Wellington, January 14, 2020
Standfirst: Taiwan’s President Tsai Ing-wen secured a second term on January 11, 2020, receiving more than eight million votes; 57% of the vote share. Tsai represents the Democratic Progressive Party (DPP) and in her victory speech vowed to defend the Island’s democratic way of life and sovereignty.
Tsai’s main challenger was the Kuomintang (KMT) Party’s Han Kuo-yu, who won 5.4 million votes. Currently Mayor of Kaohsiung, Han had pledged to improve relations with China if elected president. President Tsai’s win is being viewed as a rebuke of Beijing, which wants the island to be unified with the People’s Republic of China.
Importance to New Zealand
Taiwan is one of New Zealand’s most important export markets. Population and economy-wise, Taiwan is very similar in size to Australia.
We have a high-quality Free Trade Agreement with Taiwan [ANZTEC agreement].
Taiwan is also the only full democracy with a completely free press and independent judiciary in a majority “Chinese” society.
Taiwan is also the ancestral homeland of the Maori people and the NZ-Taiwan FTA has a chapter dealing with indigenous people-Maori relations – the only FTA to have such a chapter.
Taiwan is also an important player in Pacific Island politics where competition for recognition with China is an significant issue. Taiwan is a member of APEC and the WTO. This all makes Taiwan important to New Zealand.
The relationship is, however, greatly complicated by the need to manage Chinese attitudes.
New Zealand does not have diplomatic relations with Taiwan (New Zealand manages relations with Taiwan through the New Zealand Commerce and Industry Office in Taipei, a subsidiary of the Wellington Chamber of Commerce. Staff are seconded from MFAT and NZTE).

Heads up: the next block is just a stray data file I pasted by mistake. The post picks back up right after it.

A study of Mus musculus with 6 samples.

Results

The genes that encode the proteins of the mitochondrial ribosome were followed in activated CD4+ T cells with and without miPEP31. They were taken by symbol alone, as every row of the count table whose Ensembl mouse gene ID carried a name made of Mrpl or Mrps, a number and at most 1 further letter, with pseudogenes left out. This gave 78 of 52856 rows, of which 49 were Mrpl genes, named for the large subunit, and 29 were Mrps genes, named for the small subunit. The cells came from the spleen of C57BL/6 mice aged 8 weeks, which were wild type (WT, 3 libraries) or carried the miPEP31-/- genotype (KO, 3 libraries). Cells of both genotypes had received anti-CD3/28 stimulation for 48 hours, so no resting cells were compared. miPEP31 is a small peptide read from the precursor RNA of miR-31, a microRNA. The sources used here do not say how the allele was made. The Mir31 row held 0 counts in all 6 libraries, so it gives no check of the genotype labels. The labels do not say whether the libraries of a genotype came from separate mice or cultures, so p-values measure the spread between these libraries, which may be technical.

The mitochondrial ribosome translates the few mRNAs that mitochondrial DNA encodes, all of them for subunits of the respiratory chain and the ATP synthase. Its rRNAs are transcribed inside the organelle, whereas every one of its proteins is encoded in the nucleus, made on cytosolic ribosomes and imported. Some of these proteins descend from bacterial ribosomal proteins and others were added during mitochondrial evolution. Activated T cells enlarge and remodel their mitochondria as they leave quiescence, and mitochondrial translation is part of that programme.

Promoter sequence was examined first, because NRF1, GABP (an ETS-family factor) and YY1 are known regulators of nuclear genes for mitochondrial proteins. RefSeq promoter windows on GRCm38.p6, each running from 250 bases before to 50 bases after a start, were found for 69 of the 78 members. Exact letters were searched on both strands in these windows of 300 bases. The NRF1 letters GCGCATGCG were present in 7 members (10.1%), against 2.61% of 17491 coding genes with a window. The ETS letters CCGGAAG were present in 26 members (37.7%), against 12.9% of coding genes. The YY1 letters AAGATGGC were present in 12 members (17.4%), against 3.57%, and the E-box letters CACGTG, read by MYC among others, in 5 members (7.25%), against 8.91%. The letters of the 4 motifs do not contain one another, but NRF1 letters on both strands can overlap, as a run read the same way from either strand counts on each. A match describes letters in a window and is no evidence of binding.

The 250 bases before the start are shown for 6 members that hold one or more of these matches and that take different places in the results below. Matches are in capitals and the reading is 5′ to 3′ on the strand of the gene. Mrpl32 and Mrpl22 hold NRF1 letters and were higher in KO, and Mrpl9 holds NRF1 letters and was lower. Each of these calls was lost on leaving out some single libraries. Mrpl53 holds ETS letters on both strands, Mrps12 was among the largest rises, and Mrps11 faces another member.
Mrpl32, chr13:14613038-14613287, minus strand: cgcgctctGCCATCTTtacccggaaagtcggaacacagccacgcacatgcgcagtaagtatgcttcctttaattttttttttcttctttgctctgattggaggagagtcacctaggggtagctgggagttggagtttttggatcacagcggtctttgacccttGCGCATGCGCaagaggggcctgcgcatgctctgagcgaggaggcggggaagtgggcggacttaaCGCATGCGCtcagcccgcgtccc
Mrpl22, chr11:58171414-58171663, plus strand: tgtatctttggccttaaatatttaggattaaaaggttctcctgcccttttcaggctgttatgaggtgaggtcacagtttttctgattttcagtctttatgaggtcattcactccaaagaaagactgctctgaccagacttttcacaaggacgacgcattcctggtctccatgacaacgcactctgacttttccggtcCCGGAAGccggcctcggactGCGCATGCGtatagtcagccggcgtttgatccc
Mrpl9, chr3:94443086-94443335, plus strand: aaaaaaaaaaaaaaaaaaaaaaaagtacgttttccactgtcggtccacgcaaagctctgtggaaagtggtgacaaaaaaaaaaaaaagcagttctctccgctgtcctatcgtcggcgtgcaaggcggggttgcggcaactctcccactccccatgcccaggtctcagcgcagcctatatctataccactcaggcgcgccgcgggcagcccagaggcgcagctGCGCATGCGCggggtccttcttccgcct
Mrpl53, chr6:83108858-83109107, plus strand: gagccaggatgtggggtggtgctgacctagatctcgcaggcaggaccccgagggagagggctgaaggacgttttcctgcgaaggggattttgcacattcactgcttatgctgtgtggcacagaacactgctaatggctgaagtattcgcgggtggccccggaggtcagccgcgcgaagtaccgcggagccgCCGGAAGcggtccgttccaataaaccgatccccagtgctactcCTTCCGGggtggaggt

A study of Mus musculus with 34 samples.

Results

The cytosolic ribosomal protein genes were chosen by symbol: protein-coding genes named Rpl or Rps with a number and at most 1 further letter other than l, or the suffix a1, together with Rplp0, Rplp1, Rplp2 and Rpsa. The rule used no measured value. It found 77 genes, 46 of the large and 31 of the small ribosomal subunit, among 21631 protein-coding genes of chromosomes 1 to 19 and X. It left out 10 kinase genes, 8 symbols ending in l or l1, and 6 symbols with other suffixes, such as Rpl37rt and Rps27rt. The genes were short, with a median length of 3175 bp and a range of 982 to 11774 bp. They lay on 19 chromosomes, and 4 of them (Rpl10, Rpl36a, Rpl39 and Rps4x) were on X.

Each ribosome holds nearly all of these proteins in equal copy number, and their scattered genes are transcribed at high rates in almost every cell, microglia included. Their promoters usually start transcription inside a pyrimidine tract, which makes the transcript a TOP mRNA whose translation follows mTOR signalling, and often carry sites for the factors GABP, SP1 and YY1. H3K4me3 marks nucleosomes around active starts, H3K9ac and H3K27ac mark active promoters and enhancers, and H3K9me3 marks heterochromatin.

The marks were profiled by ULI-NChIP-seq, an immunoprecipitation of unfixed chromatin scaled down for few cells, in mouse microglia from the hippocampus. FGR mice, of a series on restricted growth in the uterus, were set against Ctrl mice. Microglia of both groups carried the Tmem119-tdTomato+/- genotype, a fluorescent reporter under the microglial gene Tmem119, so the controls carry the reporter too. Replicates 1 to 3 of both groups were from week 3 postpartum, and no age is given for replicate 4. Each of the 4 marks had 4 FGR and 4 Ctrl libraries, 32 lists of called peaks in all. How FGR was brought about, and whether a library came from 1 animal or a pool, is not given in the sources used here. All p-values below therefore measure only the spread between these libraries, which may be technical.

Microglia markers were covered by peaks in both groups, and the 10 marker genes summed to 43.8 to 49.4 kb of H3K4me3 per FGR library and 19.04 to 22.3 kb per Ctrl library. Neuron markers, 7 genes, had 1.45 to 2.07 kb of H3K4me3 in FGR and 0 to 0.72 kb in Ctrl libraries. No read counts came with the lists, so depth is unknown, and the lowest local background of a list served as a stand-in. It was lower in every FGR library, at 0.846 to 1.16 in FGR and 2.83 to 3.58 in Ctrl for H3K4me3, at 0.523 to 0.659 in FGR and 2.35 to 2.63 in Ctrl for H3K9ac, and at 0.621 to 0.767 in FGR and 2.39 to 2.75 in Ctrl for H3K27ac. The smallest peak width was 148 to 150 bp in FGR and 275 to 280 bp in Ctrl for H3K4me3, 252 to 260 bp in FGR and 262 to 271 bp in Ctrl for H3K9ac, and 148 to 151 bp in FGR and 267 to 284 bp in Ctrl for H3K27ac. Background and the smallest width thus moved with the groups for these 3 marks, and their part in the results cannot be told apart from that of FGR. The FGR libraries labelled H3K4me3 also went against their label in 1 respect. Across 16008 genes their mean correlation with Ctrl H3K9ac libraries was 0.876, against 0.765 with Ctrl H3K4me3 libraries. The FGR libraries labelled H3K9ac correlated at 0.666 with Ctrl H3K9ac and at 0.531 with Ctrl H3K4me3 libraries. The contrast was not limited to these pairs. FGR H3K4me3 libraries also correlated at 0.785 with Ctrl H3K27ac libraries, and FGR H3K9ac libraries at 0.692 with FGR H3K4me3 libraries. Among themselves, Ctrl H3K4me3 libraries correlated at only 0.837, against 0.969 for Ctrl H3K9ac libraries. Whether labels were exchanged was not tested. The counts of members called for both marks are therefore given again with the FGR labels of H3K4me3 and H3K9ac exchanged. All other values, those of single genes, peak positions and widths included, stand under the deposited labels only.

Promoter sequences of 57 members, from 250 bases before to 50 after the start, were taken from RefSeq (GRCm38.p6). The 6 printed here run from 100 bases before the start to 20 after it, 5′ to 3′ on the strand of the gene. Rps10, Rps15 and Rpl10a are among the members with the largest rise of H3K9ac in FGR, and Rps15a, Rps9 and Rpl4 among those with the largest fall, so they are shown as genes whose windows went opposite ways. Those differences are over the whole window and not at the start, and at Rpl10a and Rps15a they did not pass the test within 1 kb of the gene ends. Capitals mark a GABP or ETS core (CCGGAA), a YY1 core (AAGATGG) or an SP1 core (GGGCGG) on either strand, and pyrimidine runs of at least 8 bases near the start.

China regards Taiwan as a renegade province and wants it to re-integrate with the rest of China, rather like what has happened with Hong Kong and Macau.
China has been advocating a “one country, two systems formula” to encourage peaceful re-integration of Taiwan. But it reserves the right to use force should other options be exhausted.
The Hong Kong example
Unfortunately for the Chinese strategy, the mishandling of relations with the Hong Kong people in 2019 have probably sunk any chance of one country, two systems appealing to the people of Taiwan. Indeed this was the central issue in Saturday’s (January 11, 2020) election.
Before the Hong Kong protests, incumbent President Tsai Ing-wen was doing poorly in the polls.
That was pretty much reversed once the Hong Kong authorities embarked on their heavy-handed response to the Hong Kong protests.
January 12, 2020 saw President Tsai re-elected by a huge majority.
She campaigned on a more independence-minded policy platform than her rival from the KMT.
She pledged to stand up to China. Her rival wanted to ease tensions with the mainland.
While President Tsai won by a huge majority, the story was different in the legislative elections held the same day. President Tsai’s Democratic Progressive Party only won by a very narrow margin. This suggests that managing the next four years will be challenging domestically and internationally.
Taiwanese equation with China
Some diplomats have been expecting the attitude of the Taiwanese people to China to change as China grows in economic importance.
I have argued for some years that this view is inconsistent with the facts on the ground.
Increasingly, the influence of the families who fled China in 1949 is waning in Taiwan and younger generations see Taiwan as their home with a unique Taiwanese identity.
Election 2020 sends a very clear message to Beijing that the people of Taiwan are not interested in one country, two systems. How China responds will be important to monitor.
At the time of writing, President Tsai has been publicly congratulated for her victory by the US, Australia and the EU.
Charles Finny is a Partner at the Government Relations Consultancy Saunders Unsworth. He is a former Chief Executive of Wellington Regional Chamber of Commerce and a senior official in the Ministry of Foreign Affairs and Trade.